1. #1

    hi ya'll,
    mattie here, previously known as mattie monk...
    I am going to be joining those of you hiking in '08 somewhere near Harpers Ferry in May. I had a question and since everyone here is so helpful I thought I'd throw it out here. I was wondering what your opinions might be about must stay at, or must not stay at places heading NB. My time is realitively short this summer, with only a month and a half to enjoy. Plus I am also doing research on women and the AT, so it would be a bonus to be able to stay in places frequented by other hikers. Are there gotta see hostles/hotels/shelters along the trail? Is this information out there already and I'm just not clicking the right links?

    best,
    mattie

  2. #2


    good hotels/hostels/shelters? what is the real purpose of your trip?

  3. #3

    good luck.

  4. #4


  5. #5


  6. #6
    Shaw's - Monson Maine. Hope you make it there.
    mattie ain't gonna make monson in 45 days or less

  7. #7

    mattie ain't gonna make monson in 45 days or less
    Oops! My B. Reader error.

  8. #8

    I am hoping to be able to continue my hike bast 45 days, it is dependent on some different factors, if I get lucky I can continue until August which will greatly increase the ground I can cover. I'm home sick for the mountains, and the trail.

    Thank you for your suggestions.

    best,
    mattie

  9. #9
    I'm interested in the way that the space of the trail is concieved.

    Have you read any of the trail Journals kept by women? Most of the ones I've meet seem to like hiking and get along with men just fine.

    In the US the outdoors is largely concieved as a male dominated space where women are either discouraged from participating in activities or seen as being out of place. i've found that conception to be true outside the hiking community, but within it i have not experienced as much of the, 'oh you shouldn't do that' that i encounter in my discussions with people who don't participate in many outdoor activities.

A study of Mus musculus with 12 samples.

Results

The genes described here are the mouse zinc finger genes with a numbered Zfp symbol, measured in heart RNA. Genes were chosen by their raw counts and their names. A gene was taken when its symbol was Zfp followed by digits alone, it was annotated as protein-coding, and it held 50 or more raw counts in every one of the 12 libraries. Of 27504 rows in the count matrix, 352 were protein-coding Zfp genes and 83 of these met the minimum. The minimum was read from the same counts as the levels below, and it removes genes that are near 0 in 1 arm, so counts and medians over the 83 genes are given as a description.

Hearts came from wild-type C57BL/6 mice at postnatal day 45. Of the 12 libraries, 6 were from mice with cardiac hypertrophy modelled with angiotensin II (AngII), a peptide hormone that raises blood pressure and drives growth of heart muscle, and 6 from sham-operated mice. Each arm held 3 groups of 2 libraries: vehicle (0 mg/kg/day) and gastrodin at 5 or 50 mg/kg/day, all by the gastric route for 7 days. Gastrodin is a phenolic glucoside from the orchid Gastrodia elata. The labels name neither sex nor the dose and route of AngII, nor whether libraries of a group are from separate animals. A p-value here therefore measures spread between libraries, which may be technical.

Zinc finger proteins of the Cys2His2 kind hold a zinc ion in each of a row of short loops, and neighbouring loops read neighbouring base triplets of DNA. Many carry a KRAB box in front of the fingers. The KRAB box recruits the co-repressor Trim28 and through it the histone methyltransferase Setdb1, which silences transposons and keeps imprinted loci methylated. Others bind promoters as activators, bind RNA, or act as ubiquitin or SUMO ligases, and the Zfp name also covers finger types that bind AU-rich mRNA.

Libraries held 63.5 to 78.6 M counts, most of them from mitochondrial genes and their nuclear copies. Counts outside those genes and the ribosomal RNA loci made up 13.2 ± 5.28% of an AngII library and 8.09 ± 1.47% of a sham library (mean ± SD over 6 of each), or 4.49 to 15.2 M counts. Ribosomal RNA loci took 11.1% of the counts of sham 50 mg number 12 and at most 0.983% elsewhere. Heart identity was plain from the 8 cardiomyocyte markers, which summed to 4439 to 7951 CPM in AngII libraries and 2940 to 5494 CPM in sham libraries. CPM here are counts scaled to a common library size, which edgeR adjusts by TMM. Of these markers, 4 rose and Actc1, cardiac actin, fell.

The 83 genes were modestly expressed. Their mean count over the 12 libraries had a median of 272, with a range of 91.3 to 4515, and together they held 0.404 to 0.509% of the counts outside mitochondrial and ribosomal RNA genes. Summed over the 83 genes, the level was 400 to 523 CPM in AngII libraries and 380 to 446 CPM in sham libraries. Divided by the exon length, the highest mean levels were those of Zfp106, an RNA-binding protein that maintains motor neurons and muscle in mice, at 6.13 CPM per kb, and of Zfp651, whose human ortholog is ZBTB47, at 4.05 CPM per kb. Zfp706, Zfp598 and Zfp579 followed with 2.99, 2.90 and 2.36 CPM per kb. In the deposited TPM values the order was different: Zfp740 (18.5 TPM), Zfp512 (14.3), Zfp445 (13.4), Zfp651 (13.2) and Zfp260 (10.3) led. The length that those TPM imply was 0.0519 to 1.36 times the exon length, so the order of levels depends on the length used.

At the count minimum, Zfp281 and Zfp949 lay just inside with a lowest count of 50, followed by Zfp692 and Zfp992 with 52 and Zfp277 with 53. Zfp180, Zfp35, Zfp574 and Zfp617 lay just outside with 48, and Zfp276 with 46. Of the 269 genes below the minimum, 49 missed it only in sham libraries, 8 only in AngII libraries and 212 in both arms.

What do you mean "outdoors" ?
    Who discourages them?
    I'll grant you that most outdoor sports are "marketed" to men but there are quite a few women that enjoy the outdoor sports they are attracted to and marketing does include women more all the time.


    I'm curious how other hikers feel about the trail as a space and how it is experienced by both men and women and to see what differences exist in that experience. Fiddlehead thinks i'm going to need a lot of luck if I'm going to be able to meet hikers. i want to meet and talk to hikers of both sexes.

    Go and hike.


    I'm interested in the negoation of the trail as a space and how it is experienced. My research is a mix of cultural geography and anthropology. This statement is only a partial explanation of what I am interested in doing.

    Get out and hike with the 2008 crop. You'll see first hand.


    If anyone would like to further discuss the aims of my research I'd be happy to do that, since its hard to say it all in one sentence.
    I am hoping to be able to continue my hike bast 45 days, it is dependent on some different factors, if I get lucky I can continue until August which will greatly increase the ground I can cover. I'm home sick for the mountains, and the trail.

    Thank you for your suggestions.

    best,
    mattie
    You will find all you want to know if you put one foot in front of the other on the trail. You won't miss any of it.
    I hope you motive is not some kind of PC thing.

  10. #10


    I don't know when in May you are starting but in that month the largest number of thru-hikers is likely to be just south of Harpers Ferry, in central and northern Virginia, rather than north of it. Places just north of Harpers Ferry where you will be likely to find many thru-hikers in June are:

    The Doyle Hotel in Duncannon PA. There is a member here at WB with the user name "trailangelmary" who knows this part of Pennsylvania well. If you send her a pm she may be able to provide some tips.

    The Church of the Mountain Hostel in Delaware Water Gap PA.

    A lot of hikers take zero days in these two towns and the two places I mentioned have the reputation of being the single most popular hiker lodgings in those towns.

    If, as you mention is possible, you do have time to keep going north beyond June, a couple other places in the north where thru-hikers tend to congregate, that have not been mentioned yet, are:

    The Hikers Welcome Hostel in Glencliff NH, just before you get to the White Mountains.

    "The Cabin" in Andover ME.

    Good luck with your research! Seems like an interesting thing to study, to me.

    edit: If you are looking for info on lodging and hostels you can go to aldha.org and look at the on-line edition of the "Appalachian Trail Thru-Hikers' Companion" for free. It lists lots of places, but won't tell you which are most popular, though.